Updated: Jun 11, 2023

Read our founder's Ksenia Laputko opinion on what is happening with AI. The amount of the privacy laws is rising all around the globe, however they are still failing to protect individuals from being watched and exposed. Research shows 9 in 10 Americans are worried hackers will access their personal or financial information and use it for nefarious purposes.


ChatGPT have received heavy criticism from supervisory authorities, privacy experts, and users who are concerned about its data protection policies. During past weeks, data protection supervisory authorities raised their concerns. Italian government temporarily banned the tech last month, with authorities in Germany considering similar action. Spain’s AEPD watchdog this week has also launched an investigation into potential data breaches by ChatGPT.
And, even European Data Protection Board (EDPB), an independent body which unites national privacy watchdogs across Europe, has set up a task force on Open AI’s ChatGPT chatbot. EDPB does not seek to punish Open AI, but to create more transparent policies.
In this article tries to analyse if the level of anxiety around the risks of AI has any sense or that is just the witch hunt.
Generative AI, the prompt-based artificial intelligence that can generate text, images, music and other media in seconds, continues to advance at breakneck speeds.
People put huge amount of their personal data in the Internet. The authors of this ocean of content have not been asked if OpenAI can use this data, and their privacy is not verified in any way. Any personal information that has entered the ChatGPT database can be given to anybody in response to a correctly formulated request, and incomparably more accurately than any search engine will do.
The simplest example is if you wrote your phone number in a comment on a social network, and it got into the neuron database, then when someone asks her: “What is John Doe’s phone number?” AI will give you the correct answer.
Privacy Policy of ChatGPT’s privacy policy sheds some light on how the AI gathers its information. There are three sources:
1)Account information that you enter when you sign up or pay for a premium plan.
2)Information that you type into the chatbot itself.
3)Identifying data it pulls from your device or browser, like your IP address and location.

As we see, the most of the data that it keeps isn’t particularly alarming. In fact, it’s pretty standard—you could expect almost any site you have an account with to know these things about you.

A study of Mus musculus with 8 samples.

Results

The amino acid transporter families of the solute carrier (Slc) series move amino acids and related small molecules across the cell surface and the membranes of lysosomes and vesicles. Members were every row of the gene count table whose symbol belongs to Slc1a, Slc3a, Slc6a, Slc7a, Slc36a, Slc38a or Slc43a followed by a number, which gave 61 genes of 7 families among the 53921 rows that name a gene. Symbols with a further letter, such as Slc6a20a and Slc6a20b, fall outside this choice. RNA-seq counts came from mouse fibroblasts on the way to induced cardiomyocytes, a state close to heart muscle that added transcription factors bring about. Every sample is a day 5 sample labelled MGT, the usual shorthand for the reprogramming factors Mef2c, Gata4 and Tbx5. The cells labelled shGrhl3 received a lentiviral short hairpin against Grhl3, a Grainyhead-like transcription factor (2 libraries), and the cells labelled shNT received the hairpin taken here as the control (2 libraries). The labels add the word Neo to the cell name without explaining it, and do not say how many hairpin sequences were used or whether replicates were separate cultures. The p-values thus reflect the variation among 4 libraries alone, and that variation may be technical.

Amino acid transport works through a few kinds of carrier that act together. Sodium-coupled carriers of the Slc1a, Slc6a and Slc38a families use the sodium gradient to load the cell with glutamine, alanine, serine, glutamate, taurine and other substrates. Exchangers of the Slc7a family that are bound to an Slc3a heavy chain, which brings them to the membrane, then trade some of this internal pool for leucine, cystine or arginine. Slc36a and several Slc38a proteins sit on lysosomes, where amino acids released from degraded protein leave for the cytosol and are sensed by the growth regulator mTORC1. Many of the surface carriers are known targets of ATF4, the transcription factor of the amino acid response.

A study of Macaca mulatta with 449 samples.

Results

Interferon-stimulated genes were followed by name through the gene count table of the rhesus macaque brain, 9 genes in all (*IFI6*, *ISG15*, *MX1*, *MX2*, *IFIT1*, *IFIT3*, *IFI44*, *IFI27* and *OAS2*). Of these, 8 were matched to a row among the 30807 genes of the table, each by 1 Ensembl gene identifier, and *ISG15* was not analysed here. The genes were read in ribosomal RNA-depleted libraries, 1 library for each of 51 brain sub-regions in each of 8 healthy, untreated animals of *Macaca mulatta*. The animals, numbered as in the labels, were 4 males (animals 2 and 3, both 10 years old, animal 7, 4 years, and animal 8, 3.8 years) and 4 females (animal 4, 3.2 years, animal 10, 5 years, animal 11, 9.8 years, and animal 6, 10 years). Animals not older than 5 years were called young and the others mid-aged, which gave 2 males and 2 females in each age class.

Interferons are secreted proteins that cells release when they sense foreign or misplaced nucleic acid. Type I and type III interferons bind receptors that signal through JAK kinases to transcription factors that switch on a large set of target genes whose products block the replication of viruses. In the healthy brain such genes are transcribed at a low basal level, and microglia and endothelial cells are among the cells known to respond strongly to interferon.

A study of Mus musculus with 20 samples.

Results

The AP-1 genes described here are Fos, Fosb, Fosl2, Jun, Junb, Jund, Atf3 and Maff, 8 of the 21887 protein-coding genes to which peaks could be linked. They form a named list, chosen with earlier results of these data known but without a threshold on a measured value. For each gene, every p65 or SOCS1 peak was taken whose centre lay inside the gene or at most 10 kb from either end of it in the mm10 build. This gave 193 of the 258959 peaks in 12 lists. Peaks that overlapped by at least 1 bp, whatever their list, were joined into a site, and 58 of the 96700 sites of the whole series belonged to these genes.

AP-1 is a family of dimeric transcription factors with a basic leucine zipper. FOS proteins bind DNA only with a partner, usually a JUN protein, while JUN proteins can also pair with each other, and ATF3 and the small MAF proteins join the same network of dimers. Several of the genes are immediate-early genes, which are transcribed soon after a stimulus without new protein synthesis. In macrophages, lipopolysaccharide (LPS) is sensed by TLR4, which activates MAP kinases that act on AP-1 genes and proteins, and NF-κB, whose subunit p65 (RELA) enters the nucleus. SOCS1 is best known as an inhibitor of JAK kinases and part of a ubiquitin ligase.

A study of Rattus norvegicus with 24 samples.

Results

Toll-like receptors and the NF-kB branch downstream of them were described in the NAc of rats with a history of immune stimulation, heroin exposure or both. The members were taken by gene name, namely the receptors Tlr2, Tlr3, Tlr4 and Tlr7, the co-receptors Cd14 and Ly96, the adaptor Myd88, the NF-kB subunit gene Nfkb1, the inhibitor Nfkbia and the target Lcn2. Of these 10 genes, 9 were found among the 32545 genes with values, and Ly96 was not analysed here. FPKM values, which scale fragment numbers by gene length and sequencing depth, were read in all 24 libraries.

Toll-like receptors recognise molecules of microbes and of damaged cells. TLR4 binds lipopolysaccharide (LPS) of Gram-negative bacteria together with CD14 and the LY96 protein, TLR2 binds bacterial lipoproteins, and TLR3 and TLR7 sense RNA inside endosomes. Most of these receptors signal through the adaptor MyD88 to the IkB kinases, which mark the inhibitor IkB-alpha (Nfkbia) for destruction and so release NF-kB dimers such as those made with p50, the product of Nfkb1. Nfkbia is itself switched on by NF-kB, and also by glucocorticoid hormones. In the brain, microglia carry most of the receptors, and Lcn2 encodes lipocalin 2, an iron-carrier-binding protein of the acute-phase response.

One of the risks for people is that even though the hype about privacy is growing, most of people still don’t pay much attention to it. So for them, the real risk is that AI collects data from individuals conversating with ChatGPT.If a person isn’t a “privacy nerd” it’s extremely easy to feed their private information by mistake. Just forget to censor a document that person asks AI to proofread, and person might be in real trouble. By the way, the service itself cautions about that “You use the Service at your own risk. We implement commercially reasonable technical, administrative, and organizational measures to protect Personal Information both online and offline from loss, misuse, and unauthorized access, disclosure, alteration, or destruction. However, no Internet or e-mail transmission is ever fully secure or error free. In particular, e-mail sent to or from us may not be secure. Therefore, you should take special care in deciding what information you send to us via the Service or e-mail. In addition, we are not responsible for circumvention of any privacy settings or security measures contained on the Service, or third party websites.”
Lets translate that to “english”. ChatGPT records everything you type into it. Its privacy policy states that when you use ChatGPT, it may collect personal information from your messages, any files you upload, and any feedback you provide.
Secondly, AI is still trained, and it is using personal data availble in internet, for training. This again is a risk for individuals. As we know from Google Spain SL and Google Inc. v Agencia Española de Protección de Datos (AEPD) and Mario Costeja González it is incredibly hard to take the personal data of internet. Considering the right of data subjects to be forgotten, it is very likely that AI would actually forget data it has learned from, even if the original source of information is erased.

Thirdly, we all don’t want our personal data misused. Taking into account amount of the personal data collected by AI, you imagine that giants as Meta, Google and etc or governments considering it as pure treasure. OpenAI gives very vague information about who it shares your data with, and for what reason. It says it may provide your personal information to vendors and service providers to assist in meeting business needs and performing certain functions. These providers include web hosting services, cloud services, other IT providers, event managers, email services, and analytics services.
Fourthly, it is unclear, how the data subjects can make a request.

In our opinion, considering all the facts, it is pretty rightful that the watchdogs, supervisory authorities are checking the AI. Even though AI can simplify our lives in many aspects, the risks to our privacy are significant. Therefore, it has to have clear regulations and be way more transparent.